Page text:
A new six-part ITV drama 'White House Farm' retells the events surrounding brutal family murders committed almost 35 years ago.
Jeremy Bamber was convicted of killing his parents, sister and her twin sons at their family home.
But who is he, what happened that August day more than three decades ago and is he still in prison?
- Who is Jeremy Bamber?
Jeremy Bamber was born Jeremy Marsham in 1961 and adopted by June and Nevill Bamber.
He is known for the 'White House Farm Murders' which took place in their family home near Tolleshunt D'Arcy in Essex in August 1985.
- Who did he murder?
Jeremy Bamber was found guilty of shooting his adoptive parents, sister and her six-year-old twin sons 25 times at the family's home at the White House Farm in August 1985.
Bamber pointed the police to his sister as the murderer after telling them he received a phone call from his father saying his sister had “gone berserk” but no evidence of this exchange has been found.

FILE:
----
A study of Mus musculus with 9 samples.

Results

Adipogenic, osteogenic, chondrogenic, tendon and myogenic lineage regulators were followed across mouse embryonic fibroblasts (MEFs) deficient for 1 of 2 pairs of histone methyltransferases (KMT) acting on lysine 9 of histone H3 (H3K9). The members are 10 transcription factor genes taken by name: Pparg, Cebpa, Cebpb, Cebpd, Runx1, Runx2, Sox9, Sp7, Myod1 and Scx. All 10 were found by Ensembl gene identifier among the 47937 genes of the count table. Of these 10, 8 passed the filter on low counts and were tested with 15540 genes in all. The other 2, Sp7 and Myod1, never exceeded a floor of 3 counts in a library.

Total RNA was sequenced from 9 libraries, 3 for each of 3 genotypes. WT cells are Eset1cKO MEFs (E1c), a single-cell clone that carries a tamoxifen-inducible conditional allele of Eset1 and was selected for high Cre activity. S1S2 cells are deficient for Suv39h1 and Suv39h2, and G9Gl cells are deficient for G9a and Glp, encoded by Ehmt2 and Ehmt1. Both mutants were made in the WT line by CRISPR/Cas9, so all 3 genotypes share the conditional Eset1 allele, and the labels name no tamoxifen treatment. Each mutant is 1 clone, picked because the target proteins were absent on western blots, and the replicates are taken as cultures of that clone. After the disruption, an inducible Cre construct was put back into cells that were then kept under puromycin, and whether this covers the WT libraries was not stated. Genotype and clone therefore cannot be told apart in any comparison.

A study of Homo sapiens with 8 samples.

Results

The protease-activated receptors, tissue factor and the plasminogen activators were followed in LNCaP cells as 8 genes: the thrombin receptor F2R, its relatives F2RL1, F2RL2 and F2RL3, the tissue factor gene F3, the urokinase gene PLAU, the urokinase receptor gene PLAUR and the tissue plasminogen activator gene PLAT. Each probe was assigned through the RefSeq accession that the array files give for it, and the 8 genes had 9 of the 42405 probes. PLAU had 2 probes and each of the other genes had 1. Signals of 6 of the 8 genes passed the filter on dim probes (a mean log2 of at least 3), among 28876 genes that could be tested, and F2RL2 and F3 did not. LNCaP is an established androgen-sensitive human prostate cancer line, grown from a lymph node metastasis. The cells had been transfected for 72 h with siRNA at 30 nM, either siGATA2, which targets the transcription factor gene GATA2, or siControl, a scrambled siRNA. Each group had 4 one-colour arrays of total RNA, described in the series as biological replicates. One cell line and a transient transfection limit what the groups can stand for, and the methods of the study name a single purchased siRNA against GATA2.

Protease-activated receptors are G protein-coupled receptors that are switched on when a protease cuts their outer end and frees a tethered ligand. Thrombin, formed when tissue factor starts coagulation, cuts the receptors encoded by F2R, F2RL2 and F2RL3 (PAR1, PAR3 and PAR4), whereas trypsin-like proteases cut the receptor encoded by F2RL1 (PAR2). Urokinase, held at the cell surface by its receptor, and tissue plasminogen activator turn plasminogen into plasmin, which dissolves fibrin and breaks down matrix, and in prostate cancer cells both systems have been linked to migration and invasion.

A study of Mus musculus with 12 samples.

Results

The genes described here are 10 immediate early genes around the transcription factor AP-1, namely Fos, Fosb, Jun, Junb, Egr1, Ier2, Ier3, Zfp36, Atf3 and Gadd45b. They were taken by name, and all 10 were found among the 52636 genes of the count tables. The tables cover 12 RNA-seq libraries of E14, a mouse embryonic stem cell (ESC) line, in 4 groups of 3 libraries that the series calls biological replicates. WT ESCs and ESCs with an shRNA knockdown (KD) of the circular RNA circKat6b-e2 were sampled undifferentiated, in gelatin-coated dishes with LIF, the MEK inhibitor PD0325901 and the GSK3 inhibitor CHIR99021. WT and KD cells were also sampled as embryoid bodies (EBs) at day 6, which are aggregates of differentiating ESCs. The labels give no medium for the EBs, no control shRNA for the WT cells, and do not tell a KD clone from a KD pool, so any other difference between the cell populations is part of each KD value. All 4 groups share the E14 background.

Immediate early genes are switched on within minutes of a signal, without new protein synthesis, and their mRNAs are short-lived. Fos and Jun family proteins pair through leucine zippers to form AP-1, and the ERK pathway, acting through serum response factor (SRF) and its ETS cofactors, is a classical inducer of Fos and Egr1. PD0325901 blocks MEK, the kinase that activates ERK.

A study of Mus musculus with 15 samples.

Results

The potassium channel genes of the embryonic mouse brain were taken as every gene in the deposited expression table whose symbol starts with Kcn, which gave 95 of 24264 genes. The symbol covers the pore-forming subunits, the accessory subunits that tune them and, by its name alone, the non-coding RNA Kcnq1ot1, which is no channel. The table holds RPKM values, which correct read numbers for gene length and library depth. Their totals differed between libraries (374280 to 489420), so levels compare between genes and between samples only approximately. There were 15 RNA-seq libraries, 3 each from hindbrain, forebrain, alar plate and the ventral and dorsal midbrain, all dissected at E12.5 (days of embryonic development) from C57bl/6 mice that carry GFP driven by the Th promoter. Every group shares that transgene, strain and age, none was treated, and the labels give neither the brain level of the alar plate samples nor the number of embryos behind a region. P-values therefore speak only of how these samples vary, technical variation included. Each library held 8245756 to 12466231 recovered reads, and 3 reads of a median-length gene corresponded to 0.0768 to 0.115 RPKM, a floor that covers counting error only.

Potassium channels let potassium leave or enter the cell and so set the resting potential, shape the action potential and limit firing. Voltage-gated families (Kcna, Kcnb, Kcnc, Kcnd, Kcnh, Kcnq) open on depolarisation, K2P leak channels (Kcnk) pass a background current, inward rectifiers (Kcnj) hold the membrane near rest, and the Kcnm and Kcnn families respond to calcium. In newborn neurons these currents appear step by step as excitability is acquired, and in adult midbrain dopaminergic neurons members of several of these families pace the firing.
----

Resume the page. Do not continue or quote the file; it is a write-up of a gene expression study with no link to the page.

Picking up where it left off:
His model sister, Shelia Caffell, was originally considered a suspect as she was found with the gun in an apparent murder-suicide.
However, it was ruled out in court as it was unlikely she would have shot herself twice.
Bamber was later convicted in October 1986.
- How long is he serving in prison?
ITV News correspondent Anne Leuchars reports from the trial in 1986
Bamber is currently serving a whole life order in HM Prison Wakefield.
In 2013, he and two other prisoners appealed to the European Court of Human Rights claiming that denying any prospect of release to those serving whole life sentences was against their human rights.
The court ruled in their favour that life sentences could be reviewed with the possibility of release although this does not mean he will be released.
- Has he appealed the conviction?
Bamber has maintained his innocence and has appealed the conviction several times.
In October last year, he said he had new evidence that he was elsewhere during the time of the murders.
A campaign group runs a website in support of Bamber which contains links to things such as the 'Bamber Bake-off', encouraging people connect with the cause through some of his favourite childhood recipes.